With just one day to go until the Trump administration launches the first salvo in what could develop into a full-scale trade war between the US and China, there is the issue of a diplomatic (hopefully) resolution of escalating situation in North Korea, one which Citi today said is "increasingly likely" to involve military action. On this issue, China is becoming increasingly displeased with Trump's relentless twitter badgering, and as AFP reports, "Trump-style outbursts are no way to get China to bend to the US's will."
The animosity between D.C. and Beijing has been building up for months, as the two capitals have long traded blame over the failure to rein in the North, but last week's breakthrough in North Korean missile technology has raised the specter of a strike by Pyongyang on American cities, escalating the rhetoric.
"I am very disappointed in China," President Donald Trump tweeted after the North boasted last week that the entire mainland US was within range of its intercontinental ballistic missiles. "Our foolish past leaders have allowed them to make hundreds of billions of dollars a year in trade, yet they do NOTHING for us with North Korea, just talk."
While China - North Korea's main trade partner and ally - has repeatedly countered that it does not hold the key to the crisis and has rejected Trump's attempts to link the issue to the trade relationship, keeping official responses to Trump's 140-character outbursts restrained, state media has been less muted.
"Trump is quite a personality," an opinion piece published Monday by the Xinhua state news agency said. "But emotional venting cannot become a guiding policy for solving the nuclear issue ... and even less should (the US) stab China in the back."
It's not just Trump who has repeatedly urged China to use its economic sway over North Korea to curb the regime's nuclear program, even as Beijing insists dialogue is the only practical way forward. Recently Rex Tillerson derided China and Russia as "economic enablers" that bear "unique and special responsibility" for the growing threat posed by the North. And the US's ambassador to the United Nations, Nikki Haley, spurned a UN response to the latest ICBM launch in favor of bomber flights and missile-defense-system tests, saying the time for talk on North Korea was "over."
Such admonishments will not change the way China operates, analysts say.
"Trump might be brash and have an 'in your face' blunt style, but Beijing's approach to Washington stays relatively the same," Xu Guoqi, a China-US relations expert at the University of Hong Kong, told AFP.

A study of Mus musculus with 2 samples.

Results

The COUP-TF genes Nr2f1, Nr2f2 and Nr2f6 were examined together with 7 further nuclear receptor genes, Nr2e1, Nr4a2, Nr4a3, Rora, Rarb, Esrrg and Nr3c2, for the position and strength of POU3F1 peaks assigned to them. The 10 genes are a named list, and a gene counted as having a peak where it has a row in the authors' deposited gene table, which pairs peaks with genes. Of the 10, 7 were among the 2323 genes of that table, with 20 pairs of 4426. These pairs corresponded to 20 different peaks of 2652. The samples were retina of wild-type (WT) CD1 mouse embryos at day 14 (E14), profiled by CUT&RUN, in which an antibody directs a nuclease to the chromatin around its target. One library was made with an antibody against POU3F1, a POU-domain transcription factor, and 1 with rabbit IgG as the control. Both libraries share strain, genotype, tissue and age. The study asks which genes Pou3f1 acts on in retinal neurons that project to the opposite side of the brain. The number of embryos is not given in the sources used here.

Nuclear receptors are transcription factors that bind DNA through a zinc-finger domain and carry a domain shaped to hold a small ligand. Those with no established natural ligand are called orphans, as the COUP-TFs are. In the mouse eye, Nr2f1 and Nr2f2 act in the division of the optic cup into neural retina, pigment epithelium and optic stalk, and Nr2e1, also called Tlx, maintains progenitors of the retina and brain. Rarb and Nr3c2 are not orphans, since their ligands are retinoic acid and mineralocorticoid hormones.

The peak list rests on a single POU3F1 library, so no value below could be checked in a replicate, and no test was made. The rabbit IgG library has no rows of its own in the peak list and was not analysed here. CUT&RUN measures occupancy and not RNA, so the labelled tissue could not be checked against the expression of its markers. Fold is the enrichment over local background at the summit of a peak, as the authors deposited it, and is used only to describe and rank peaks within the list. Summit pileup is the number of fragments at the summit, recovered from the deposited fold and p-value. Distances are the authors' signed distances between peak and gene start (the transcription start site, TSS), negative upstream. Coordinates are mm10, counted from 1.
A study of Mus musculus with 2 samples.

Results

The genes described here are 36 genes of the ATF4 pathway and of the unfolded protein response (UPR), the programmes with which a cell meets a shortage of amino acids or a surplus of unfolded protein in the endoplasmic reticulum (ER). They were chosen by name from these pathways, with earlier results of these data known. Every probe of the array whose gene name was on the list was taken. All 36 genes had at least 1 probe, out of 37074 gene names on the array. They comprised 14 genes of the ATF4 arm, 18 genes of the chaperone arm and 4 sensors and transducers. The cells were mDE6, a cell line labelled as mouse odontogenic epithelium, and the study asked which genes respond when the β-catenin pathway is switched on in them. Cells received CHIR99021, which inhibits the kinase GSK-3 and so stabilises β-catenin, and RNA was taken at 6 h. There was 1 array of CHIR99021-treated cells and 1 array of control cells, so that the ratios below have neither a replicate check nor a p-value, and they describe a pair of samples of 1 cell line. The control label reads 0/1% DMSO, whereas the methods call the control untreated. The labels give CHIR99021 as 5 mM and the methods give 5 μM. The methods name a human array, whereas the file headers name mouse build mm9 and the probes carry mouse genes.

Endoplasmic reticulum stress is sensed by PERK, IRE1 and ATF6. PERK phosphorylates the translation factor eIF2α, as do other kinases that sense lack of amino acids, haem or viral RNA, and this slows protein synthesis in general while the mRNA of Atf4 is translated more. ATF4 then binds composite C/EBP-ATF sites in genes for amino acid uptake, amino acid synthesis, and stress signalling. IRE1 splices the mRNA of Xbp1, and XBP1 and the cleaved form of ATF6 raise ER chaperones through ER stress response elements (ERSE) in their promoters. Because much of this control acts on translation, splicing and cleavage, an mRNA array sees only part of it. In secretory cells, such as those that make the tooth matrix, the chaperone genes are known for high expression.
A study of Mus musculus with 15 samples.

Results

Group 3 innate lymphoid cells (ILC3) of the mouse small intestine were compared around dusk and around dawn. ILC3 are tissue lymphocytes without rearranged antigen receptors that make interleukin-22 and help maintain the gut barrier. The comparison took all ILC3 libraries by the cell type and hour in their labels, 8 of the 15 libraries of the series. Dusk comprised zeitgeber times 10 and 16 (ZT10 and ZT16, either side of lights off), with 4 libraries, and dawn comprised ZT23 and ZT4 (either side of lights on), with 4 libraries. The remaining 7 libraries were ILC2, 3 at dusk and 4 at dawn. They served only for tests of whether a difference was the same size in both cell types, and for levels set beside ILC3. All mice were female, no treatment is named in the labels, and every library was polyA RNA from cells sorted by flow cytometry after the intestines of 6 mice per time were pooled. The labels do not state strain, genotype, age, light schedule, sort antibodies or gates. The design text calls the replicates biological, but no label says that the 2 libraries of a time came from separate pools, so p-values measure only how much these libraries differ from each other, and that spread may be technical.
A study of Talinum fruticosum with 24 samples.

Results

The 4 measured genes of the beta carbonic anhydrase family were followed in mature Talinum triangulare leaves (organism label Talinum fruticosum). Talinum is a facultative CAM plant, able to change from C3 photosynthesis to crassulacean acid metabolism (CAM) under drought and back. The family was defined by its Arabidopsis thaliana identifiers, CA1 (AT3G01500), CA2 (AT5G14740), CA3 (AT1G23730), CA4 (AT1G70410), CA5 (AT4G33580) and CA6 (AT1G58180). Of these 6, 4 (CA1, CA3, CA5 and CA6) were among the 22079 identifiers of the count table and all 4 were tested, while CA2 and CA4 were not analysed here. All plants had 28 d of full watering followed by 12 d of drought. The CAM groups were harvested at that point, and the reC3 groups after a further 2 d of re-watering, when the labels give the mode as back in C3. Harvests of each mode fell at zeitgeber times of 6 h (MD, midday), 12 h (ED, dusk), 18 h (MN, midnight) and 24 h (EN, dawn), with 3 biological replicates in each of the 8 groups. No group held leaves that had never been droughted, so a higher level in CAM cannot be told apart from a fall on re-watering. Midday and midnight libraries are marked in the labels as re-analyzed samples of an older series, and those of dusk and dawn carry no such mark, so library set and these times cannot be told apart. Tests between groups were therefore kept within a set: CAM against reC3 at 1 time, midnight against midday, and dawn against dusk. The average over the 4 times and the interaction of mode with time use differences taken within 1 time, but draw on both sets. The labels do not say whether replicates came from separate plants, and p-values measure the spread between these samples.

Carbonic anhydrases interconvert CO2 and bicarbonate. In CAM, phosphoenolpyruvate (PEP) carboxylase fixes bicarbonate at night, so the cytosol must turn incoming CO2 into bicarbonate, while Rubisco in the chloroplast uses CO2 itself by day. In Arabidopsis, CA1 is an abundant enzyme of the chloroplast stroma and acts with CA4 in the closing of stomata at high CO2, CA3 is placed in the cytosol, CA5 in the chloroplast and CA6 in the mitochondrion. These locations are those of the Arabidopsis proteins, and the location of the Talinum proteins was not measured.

"While Trump tweets his positions to the world, Beijing keeps its cards closer to its chest. (China) will never dance to Trump's tune." And with "today's America weaker and more isolated in the world," China has even less reason to respond, he said.
Meanwhile, Beijing authorities have reacted with caution to Trump's unpredictable remarks, which have ranged from describing the country as a "currency manipulator" to calling President Xi Jinping "a very good man." Relations had warmed following Trump's pledge to honor the key "One China" policy and Xi's visit to Trump's Mar-a-Lago estate in Florida this April, but they have since soured again over North Korea.
Worse, if the US does not ease off against an implacable China, observers believe a deterioration is inevitable. "If the Americans continue to blame China while shifting away from its own obligation to defuse the crisis, the two powers are likely to have more quarrels," said Zhong Zhenming, a China-US relations expert at Shanghai's Tongji University. "(This is) exactly the result Pyongyang hopes to see," he told AFP.
Still, some analysts believe Trump would stop short of following through on repeated threats to start a trade war, his main and perhaps last bargaining chip: "Neither China nor America could afford a trade war," Zhong said.
Perhaps, but to the increasingly irrational White House, this may be the only option. An editorial in the state-run Global Times, a nationalistic tabloid, warned that the US would lose in a trade dispute with China, which as the top holder of US Treasury bonds "is actually supporting the dollar."
"Washington had better not threaten China with trade since China has the tools to safeguard its economic interests," it said.